Four Georgian Churches in Lincolnshire
Saturday, 2nd May 2015
Today’s trip was led by the marvellous Jean Howard; whose running commentary on the coach stretched from ancient votive offerings to Thor missile bunkers. She had selected four Georgian Churches for us to visit; all of which had unique points of interest.
The first was St Swithin’s at Baumber. From the outside this building is perhaps unprepossessing; red brick and squat with few decorative features. Internally it is revealed to be a mediaeval church which was re-cased by the Georgians. The church was remodelled in 1759 for the Dukes of Newcastle in the “gothick” style and contains hatchments and monuments to the family.
Our second church was St Andrew, Stainfield. This very pretty church was the only one on our tour which was not Grade I listed; it had been instead designated Grade II*. The church was built in 1711 as an eye-catcher and is aligned north-south instead of east-west. Sadly the famous mediaeval helmet and gauntlets which were once on display there have been stolen.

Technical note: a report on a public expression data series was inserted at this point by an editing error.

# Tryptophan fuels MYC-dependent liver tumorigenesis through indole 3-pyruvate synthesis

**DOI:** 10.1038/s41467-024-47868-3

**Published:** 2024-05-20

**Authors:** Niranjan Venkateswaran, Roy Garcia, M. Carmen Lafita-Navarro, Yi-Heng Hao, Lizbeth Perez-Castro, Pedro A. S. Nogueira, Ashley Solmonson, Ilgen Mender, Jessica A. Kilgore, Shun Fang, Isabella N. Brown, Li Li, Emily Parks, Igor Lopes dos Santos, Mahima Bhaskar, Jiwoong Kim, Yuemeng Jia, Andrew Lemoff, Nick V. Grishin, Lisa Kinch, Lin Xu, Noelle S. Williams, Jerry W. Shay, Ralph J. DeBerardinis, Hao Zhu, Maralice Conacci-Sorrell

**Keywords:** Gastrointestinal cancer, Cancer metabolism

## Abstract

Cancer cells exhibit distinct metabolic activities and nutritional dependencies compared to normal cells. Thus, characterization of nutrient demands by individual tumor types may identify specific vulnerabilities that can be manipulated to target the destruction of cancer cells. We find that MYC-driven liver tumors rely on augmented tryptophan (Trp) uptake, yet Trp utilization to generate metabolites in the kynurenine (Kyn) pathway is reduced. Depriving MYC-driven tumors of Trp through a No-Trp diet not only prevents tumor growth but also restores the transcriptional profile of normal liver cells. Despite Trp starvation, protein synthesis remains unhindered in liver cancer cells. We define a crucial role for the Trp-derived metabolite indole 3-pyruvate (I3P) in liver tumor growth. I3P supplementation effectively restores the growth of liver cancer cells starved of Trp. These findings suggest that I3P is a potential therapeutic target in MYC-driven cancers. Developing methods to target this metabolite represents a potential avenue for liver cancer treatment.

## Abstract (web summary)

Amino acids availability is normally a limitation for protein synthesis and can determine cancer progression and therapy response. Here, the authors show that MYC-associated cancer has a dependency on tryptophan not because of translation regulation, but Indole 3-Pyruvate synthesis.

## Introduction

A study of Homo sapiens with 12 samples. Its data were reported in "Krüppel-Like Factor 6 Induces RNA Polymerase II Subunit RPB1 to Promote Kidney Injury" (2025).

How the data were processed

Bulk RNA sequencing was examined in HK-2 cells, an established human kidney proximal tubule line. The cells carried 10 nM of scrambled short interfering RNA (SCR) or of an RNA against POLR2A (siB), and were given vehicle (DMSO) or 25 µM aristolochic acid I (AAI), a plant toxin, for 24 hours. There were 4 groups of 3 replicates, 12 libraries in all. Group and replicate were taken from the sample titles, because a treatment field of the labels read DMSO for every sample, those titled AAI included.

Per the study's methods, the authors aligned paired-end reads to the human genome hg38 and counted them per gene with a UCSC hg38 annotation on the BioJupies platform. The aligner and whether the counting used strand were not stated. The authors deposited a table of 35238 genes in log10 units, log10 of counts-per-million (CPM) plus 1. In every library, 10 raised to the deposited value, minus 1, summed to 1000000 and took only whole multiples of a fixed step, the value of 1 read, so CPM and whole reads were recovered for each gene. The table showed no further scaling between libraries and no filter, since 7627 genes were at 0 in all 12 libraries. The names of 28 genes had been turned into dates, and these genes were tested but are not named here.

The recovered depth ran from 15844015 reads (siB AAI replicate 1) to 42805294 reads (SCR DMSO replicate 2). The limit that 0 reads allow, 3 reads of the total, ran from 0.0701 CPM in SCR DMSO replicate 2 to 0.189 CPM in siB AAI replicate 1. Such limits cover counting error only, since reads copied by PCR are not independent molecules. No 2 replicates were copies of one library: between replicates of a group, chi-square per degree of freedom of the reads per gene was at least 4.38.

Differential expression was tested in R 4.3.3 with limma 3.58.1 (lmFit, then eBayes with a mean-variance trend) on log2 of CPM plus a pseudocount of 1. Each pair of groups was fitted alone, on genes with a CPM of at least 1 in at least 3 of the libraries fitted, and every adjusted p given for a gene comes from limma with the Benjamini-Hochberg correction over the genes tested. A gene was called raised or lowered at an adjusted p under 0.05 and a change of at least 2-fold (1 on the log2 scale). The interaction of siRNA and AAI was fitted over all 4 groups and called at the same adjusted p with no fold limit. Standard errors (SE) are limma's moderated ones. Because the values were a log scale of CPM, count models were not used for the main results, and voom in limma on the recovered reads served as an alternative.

After lunch in Wragby, we continued to the Church of Saints Peter & Paul in Cherry Willingham. This tiny church, which will seat no more than 70 people became engulfed in suburban development when the village, an easy commute from Lincoln, expanded greatly in the twentieth century. It was built in 1763 by John Becke, a wealthy lawyer, who wished it to become his family mausoleum.
Our final destination was St Hellen at Saxby. Built in 1775, the temple-like structure is also the mausoleum of the Earls of Scarborough. The church was damaged by the Market Rasen earthquake of 2008 and subsequently restored. At the time of our visit an area of ceiling had recently collapsed.
Our visit concluded with tea, or coffee, and biscuits at Brightwater Gardens.